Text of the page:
Failed Antidepressant Shows Promise for Alleviating Opioid Withdrawal Symptoms

Buprenorphine and methadone are the most common medications currently used to treat opioid use disorder; both, however, are also opioids and can result in unwanted side effects. Additionally, treatment with these options often must be continued for months to prevent relapse. But an experimental medication, rapastinel, originally developed as an antidepressant, may offer an alternative, according to recent research set for presentation this week at the annual meeting of the American Society for Pharmacology and Experimental Therapeutics in Orlando. Working with rodent models, researchers from Villanova and Duke Universities found that rapastinel substantially reduced acute symptoms of opioid withdrawal in only 3 days. Researcher Julia Ferrante, an undergraduate at Villanova, worked with Cynthia Kuhn, PhD, professor of pharmacology and cancer biology at Duke University, to conduct the research.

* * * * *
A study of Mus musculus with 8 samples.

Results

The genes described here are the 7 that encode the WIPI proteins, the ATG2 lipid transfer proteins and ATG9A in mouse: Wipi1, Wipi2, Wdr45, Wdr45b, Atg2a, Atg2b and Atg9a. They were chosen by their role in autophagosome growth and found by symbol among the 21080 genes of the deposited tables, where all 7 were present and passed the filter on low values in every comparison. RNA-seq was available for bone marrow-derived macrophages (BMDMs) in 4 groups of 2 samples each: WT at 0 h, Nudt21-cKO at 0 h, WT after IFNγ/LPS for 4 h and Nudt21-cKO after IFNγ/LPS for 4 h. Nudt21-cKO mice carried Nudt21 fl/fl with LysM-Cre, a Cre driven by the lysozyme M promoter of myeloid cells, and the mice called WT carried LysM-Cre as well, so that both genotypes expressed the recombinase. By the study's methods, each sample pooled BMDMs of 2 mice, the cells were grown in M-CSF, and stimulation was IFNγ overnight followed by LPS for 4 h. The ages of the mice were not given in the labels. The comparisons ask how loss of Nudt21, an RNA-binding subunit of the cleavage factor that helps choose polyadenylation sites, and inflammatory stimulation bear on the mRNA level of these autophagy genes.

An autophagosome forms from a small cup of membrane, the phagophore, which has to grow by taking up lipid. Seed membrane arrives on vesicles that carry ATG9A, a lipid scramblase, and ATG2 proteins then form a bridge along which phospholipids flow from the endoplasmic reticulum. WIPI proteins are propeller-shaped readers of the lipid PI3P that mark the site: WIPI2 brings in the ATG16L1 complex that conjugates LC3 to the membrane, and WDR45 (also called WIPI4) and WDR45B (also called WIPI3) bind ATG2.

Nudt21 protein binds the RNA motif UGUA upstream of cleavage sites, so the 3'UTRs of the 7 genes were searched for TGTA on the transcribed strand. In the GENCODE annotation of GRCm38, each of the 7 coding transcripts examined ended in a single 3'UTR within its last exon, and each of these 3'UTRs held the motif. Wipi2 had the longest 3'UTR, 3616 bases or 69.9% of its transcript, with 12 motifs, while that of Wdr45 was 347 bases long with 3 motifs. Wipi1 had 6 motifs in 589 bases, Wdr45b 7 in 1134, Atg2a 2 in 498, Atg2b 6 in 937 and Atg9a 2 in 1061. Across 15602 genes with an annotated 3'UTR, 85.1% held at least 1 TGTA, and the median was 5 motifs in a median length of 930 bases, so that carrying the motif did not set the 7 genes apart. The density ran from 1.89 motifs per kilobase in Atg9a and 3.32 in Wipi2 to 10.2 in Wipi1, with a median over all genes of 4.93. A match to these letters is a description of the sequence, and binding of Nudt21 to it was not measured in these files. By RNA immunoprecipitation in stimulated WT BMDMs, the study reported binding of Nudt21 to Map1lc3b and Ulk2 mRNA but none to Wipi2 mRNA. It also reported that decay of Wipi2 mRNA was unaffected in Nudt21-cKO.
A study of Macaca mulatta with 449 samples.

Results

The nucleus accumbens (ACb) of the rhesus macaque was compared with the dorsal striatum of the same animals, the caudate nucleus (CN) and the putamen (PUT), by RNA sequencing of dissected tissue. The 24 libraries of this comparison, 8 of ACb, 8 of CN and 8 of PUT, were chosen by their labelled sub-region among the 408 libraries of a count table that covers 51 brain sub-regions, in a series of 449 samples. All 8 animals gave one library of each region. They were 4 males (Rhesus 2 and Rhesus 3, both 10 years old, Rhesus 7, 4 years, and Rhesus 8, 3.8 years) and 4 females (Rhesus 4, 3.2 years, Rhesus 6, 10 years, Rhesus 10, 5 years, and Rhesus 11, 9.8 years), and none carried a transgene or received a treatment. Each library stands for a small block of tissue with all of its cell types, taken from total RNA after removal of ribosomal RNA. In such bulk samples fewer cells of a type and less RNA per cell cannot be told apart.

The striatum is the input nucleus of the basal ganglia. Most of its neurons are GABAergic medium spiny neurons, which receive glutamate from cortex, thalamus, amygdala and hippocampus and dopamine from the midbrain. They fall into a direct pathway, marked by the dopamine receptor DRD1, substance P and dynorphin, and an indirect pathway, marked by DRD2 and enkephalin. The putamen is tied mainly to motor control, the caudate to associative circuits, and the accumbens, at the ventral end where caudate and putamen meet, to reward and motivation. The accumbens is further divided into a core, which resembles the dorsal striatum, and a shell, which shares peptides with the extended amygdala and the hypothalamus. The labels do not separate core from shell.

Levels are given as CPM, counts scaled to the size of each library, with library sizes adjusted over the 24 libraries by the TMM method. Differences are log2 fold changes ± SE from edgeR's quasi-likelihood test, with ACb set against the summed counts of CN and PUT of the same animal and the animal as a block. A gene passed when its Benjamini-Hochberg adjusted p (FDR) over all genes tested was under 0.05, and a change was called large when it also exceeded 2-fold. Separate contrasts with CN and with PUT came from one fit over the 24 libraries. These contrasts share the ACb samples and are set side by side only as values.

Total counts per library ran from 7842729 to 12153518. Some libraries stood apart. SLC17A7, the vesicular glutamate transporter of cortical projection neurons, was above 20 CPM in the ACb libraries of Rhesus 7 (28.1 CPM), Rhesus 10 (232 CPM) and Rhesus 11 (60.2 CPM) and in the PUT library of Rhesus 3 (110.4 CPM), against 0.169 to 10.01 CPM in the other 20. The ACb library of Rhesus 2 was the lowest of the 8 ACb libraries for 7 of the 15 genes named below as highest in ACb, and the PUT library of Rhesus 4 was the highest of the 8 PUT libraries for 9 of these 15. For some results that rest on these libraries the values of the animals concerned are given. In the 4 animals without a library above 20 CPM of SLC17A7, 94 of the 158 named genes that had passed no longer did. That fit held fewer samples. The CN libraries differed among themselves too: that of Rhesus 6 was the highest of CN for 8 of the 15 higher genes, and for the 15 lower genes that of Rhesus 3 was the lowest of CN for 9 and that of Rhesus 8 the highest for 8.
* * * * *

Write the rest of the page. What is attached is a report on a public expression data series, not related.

In clinical trials, rapastinel failed to demonstrate efficacy as an antidepressant, but was found to be well tolerated and without serious side effects. In their study, Ferrante and Kuhn modeled opioid dependence in rats that were then administered either rapastinel, ketamine, or saline solution. By day 3, rats in the rapastinel cohort exhibited significantly less evidence of withdrawal symptoms than either the ketamine or the saline groups. Researcher Ferrante observed, “Our research suggests that new alternatives to standard treatments for opioid dependence have potential to be safer and more effective. Rapastinel research for opioid dependency is currently only being done in rodents, but if the drug continues to have successful trials, it may enter clinical trials for use in humans.”

Read about the research conclusions and future steps.